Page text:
Canadian prime ministers have been coming to China for decades, trying to crack open this monster market of 1.2 billion people and do so while standing up for the Canadian values of human rights, rule of law and democracy.
It’s a delicate balancing act for any prime minister but may be made all the more tricky for Prime Minister Justin Trudeau because of the radically changed geo-political situation brought by an increasingly unilateralist and isolationist United States.
President Donald Trump wants no part of international climate change deals, he rejects the idea that the U.S. should be the world’s policeman and when it comes to trade, he’d sooner rip up global trading relationships in the belief that they do nothing but cheat the U.S. of jobs and prosperity.
And that leaves Canada negotiating its way in the world without the anchor of a firmly reliable American partner. It’s a Canada that is increasingly looking to China for its own future prosperity.
Canada is looking to China to step up and play more of a leadership role in solving global problems like climate change, a leadership role abdicated by Trump’s America.
“What’s the other option?” Trudeau’s innovation minister Navdeep Bains asked on The West Block with Vassy Kapelos on Sunday. “If we don’t engage, then it’s a huge missed opportunity. So we feel engagement is absolutely critical.”
McKenna has her own program while she’s here, part of which will be encourage China to continue to meet climate change targets and cut greenhouse gas emissions. With the Trump administration’s decision to withdraw from the Paris climate change accord, China sees an opportunity to supplant U.S. leadership on this file.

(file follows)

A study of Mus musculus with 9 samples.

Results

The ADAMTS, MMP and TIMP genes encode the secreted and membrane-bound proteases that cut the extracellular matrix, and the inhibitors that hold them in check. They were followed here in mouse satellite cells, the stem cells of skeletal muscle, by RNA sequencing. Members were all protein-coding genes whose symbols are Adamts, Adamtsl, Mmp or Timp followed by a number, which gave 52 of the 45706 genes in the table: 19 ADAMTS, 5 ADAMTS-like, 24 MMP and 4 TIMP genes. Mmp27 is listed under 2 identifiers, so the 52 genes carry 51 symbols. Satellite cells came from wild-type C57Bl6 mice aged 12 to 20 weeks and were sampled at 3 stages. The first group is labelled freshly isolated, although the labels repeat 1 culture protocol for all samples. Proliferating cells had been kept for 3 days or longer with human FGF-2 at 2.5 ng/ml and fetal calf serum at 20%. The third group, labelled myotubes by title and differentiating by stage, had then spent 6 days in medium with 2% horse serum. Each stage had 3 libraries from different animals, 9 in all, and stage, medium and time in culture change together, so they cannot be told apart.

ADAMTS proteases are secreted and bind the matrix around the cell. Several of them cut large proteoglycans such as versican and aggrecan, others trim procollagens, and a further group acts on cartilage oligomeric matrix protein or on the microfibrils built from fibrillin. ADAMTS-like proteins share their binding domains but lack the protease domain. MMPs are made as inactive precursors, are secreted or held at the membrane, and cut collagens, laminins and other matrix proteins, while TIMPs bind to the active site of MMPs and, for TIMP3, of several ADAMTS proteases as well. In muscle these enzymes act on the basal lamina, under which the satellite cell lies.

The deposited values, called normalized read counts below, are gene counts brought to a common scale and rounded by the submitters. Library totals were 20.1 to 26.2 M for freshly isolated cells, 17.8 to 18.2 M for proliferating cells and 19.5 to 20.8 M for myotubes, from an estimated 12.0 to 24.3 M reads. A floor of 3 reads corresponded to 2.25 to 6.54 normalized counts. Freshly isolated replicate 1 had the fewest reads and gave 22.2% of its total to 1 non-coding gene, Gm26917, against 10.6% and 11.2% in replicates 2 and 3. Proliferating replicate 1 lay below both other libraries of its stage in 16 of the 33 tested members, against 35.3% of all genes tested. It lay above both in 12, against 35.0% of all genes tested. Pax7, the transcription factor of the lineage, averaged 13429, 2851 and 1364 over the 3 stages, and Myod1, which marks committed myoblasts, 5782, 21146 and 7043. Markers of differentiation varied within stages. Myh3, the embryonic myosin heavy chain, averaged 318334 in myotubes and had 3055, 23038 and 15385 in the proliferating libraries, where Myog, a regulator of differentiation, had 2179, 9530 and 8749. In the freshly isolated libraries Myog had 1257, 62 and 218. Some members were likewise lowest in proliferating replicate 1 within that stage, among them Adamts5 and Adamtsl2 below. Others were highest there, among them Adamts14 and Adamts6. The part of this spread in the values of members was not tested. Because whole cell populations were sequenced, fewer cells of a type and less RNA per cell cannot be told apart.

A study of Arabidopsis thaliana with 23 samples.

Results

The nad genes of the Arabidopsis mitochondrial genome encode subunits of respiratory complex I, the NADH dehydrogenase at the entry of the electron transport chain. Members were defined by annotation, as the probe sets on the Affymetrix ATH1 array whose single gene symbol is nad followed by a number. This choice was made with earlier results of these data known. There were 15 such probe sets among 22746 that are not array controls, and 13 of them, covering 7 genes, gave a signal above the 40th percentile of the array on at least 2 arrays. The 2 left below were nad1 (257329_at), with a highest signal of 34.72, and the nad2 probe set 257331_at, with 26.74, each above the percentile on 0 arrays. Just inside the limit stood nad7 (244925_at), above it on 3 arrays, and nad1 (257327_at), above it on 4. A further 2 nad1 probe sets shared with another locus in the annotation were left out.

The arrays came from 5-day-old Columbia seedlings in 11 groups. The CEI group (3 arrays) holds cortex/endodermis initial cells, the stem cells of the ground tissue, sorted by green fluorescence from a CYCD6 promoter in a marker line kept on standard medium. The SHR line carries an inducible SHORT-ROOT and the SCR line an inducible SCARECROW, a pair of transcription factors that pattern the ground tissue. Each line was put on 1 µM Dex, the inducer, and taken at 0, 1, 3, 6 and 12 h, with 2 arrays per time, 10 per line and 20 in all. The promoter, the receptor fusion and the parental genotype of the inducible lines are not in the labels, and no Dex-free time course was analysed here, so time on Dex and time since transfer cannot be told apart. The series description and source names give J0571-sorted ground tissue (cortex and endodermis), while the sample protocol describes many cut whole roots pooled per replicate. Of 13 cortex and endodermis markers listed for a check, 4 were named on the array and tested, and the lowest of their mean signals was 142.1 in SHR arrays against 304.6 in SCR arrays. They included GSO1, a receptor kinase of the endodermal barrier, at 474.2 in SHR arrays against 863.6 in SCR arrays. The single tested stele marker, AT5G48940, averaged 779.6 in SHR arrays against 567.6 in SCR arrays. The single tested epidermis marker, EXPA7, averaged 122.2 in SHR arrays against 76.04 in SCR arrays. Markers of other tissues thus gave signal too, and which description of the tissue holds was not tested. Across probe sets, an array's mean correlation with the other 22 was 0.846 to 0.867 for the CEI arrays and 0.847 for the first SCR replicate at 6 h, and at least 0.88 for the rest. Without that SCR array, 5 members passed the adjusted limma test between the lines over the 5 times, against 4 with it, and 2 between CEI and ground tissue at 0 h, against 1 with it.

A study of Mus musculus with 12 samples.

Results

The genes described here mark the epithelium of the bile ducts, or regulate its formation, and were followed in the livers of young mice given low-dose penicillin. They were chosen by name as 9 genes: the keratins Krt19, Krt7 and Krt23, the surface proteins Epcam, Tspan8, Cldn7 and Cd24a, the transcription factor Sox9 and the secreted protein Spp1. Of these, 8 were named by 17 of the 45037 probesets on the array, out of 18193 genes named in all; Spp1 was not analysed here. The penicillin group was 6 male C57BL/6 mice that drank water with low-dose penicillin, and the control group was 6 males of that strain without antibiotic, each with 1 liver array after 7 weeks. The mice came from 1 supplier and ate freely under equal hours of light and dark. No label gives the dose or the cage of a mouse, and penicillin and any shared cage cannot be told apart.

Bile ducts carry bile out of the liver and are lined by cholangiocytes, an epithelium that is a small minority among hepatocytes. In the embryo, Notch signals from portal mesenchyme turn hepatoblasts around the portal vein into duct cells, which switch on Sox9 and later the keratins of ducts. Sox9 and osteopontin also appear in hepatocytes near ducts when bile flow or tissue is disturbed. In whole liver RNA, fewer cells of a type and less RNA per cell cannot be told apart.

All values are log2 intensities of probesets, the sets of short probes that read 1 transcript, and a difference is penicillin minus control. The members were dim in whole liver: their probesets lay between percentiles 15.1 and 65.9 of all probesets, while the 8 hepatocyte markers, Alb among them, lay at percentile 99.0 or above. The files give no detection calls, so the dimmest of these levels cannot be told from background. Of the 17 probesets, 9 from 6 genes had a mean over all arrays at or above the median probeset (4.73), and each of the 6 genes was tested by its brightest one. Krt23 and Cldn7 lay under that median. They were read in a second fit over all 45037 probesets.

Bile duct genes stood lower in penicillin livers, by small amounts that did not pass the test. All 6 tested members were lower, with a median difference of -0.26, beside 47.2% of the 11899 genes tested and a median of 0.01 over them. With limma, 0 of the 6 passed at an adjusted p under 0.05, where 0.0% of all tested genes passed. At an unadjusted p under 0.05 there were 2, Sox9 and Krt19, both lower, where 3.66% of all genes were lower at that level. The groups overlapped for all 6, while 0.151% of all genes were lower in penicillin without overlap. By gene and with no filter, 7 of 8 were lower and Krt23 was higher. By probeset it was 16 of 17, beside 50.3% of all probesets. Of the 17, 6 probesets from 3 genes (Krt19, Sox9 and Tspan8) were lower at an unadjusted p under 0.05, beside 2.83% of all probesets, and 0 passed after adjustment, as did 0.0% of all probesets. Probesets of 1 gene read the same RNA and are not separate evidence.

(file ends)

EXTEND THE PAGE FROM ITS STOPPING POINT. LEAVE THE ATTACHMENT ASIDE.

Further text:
When it comes to global security issues, Canada is looking for new opportunities to assist with global challenges and advance its own world view. And, once again, that means including China.
While Trump seems to think he can neutralize the North Korea threat with his Twitter account, Canada prefers old-fashioned diplomacy. So, while Trudeau is here, he will talk to Chinese leaders about the summit Canada will host next year on the North Korea threat.
“It’s our view that we, as a country, can play a leadership role with other countries, the U.S., South Korea, Japan, China, to help find a diplomatic solution to those provocative actions that create an urgent global threat,” said Liberal MP Matt DeCourcey on The West Block.
DeCourcey is the parliamentary secretary to foreign affairs minister Chrystia Freeland. Freeland is not travelling with Trudeau this week in China.
But China has its own ideas about how the world order ought to be shaped. Chinese President Xi Jinping has recently consolidated and strengthened his power here, a signal that he and the ruling Communist Party of China have no intention of anything vaguely resembling democratic reforms.
For the record, the Trudeau government says it will not approach the trade talks with China worried about what Trump thinks.
“We don’t take up policy cues from other jurisdictions,” Bains said. “We want to make sure we advance our national interests.”